Something strange is happening lately; People have been denied boarding, put off ships and even banned from ever taking another cruise for a variety of reasons, some of which we have never heard before.
We can't say we definitely know the reason why this happening, but the cruise lines could be required soon to report all claims of onboard incidents (theft and other crimes) to the Coast Guard, whether or not they are ultimately confirmed as valid complaints. These reports would eventually be made public. Maybe some cruise ship captains have decided to prevent incidents before they happen - if that is possible.
Last week a man was put off an expensive European cruise when he showed moderately aggressive behavior after being provoked by another passenger. He tried to douse the fellow with the contents of his drinking glass. The "offender" was put off the ship in the first port of call and lost almost his entire cruise with no refund.
In another case, a family man was made to sign an affidavit saying he was banned from another cruise line - when the room steward claimed he marred the surface of a stateroom cabinet. I was just told by the line that "management" (shoreside) got involved later and "decided it was better to give the passenger the benefit of the doubt, lift the ban - and issue an apology." That was a very good idea, in my opinion.
Another man was put off a cruise ship in the Baltic because he was disruptive during an art auction he felt was questionable. He was apparently pretty disruptive, but there is no indication he was a danger to anyone.
You don't need to display aggressive behavior to be considered a public hazard. The appearance of ill health is another reason. One gentleman was ready to board a ship at Southampton when he was given the now perquisite form asking if he'd had any flu or cold symptoms lately.
He answered that two days earlier he had a little scratchy throat, but he felt fine now. He thought it would lead to an interview, maybe a nurse with a thermometer, and his cruise ticket stamped "all clear."
No - he was told he could not board the ship. He protested, "I'm fine now, really, I was just trying to be honest." There was no second chance - or any refund.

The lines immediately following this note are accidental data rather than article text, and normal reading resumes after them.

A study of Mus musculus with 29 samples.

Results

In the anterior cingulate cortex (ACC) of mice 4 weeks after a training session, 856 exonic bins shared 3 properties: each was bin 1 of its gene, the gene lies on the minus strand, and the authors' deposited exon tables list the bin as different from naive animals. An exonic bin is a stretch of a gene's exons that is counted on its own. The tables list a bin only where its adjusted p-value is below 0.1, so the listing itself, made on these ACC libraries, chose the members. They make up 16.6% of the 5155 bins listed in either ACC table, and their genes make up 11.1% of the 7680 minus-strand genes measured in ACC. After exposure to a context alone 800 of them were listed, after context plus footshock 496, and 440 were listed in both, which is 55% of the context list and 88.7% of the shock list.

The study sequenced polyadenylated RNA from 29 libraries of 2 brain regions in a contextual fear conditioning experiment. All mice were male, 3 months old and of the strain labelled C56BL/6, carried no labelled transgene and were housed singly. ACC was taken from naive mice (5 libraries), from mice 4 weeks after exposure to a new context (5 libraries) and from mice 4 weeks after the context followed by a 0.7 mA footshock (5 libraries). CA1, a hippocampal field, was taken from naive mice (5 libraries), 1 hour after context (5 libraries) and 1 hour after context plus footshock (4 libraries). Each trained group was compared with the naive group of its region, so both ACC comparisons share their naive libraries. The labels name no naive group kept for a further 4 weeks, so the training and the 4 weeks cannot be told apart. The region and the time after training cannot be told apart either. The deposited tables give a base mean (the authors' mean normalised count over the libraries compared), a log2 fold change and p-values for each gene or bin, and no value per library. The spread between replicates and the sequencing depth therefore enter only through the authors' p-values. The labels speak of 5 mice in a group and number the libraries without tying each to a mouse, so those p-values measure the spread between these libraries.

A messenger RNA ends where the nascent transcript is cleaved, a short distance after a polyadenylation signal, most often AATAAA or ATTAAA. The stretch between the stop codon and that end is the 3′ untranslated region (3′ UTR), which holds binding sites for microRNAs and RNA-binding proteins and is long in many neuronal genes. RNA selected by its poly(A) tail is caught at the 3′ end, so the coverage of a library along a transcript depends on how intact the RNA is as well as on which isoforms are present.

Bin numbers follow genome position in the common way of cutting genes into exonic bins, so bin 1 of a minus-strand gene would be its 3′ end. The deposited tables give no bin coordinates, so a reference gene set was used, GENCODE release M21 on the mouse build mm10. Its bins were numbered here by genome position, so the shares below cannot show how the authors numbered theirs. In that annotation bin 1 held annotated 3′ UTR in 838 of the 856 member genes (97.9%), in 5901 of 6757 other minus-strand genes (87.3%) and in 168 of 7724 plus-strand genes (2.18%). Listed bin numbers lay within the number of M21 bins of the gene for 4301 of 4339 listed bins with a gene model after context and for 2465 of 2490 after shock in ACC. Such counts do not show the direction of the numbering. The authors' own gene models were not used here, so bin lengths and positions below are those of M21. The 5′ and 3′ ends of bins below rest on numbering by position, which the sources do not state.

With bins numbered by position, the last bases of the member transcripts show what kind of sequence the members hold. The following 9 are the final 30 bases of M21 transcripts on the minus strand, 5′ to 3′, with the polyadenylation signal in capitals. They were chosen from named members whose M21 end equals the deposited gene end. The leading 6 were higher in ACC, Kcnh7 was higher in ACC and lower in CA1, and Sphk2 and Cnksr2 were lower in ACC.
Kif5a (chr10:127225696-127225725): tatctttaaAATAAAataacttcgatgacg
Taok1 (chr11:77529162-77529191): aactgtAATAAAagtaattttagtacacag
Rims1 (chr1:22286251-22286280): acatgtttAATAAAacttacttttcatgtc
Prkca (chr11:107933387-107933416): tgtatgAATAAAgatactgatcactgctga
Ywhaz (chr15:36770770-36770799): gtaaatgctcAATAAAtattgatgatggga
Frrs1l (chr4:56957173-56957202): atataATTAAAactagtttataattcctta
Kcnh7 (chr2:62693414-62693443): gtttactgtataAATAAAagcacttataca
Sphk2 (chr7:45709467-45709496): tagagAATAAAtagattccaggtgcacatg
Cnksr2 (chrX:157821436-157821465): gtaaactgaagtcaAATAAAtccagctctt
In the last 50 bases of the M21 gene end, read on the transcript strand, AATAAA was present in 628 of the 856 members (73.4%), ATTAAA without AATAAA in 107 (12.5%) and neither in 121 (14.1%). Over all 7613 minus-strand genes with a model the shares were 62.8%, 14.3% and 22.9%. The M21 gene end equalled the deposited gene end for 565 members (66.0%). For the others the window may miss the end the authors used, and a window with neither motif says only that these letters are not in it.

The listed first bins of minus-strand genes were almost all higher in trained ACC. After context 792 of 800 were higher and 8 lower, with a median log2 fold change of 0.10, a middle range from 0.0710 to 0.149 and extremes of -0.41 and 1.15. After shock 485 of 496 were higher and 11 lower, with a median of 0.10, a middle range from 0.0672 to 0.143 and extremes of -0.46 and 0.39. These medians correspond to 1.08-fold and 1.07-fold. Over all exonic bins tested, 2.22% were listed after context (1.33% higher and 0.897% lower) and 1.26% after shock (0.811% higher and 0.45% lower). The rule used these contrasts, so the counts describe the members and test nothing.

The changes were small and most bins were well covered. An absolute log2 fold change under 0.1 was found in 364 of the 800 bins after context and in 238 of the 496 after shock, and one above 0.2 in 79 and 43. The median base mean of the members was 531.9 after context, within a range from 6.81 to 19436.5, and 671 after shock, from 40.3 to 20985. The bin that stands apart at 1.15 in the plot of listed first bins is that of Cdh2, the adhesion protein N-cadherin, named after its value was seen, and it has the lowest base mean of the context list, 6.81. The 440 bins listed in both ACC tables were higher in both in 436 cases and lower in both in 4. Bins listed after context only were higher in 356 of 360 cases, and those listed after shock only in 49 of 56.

Talk about not losing your cool; MSC just announced a plan to use thermal scanners to identify people with a fever. What happens when the alarm goes off? I hope they will have a nurse or physician on duty. I will know later today, at least MSC is courteous enough to promise me an honest answer.
In fact, there are many examples of people denied or off-loaded from cruises due to the appearance of an illness, and sometimes that makes sense if emergency surgery might be required, but in those cases at least you have the ship doctor's informed opinion.
We are just about to enter "Swine Flu II." It is predicted the H1N1 virus will resurface to cause travel delays and restrictions. Most travel insurance policies only cover illnesses that begin during the trip, not before, so filling in that questionaire affirmatively might be a problem. Some policies also will not cover any illness considered a "pandemic" and the WHO declared H1N1 a pandemic last year. If you purchase trip insurance we recommend the "cancel for any reason" variety. If you are sick before the cruise you can cancel, but if you try to board and are denied the policy may not pay out. Read your policy and take it literally.
The reaction to these cases has been very strong in our message boards. Cruisers do not like the prospect of anyone having the power to deny their cruise with no recourse. The primary responsibility falls to the the captains of cruise ships, and how long this apparent vigilantism will last we don't know, but we doubt it will be long. But for now we suggest you just mind your own business and keep cool.
We certainly don't mind cruises losing the losers, but we don't want any good people losing their cruises.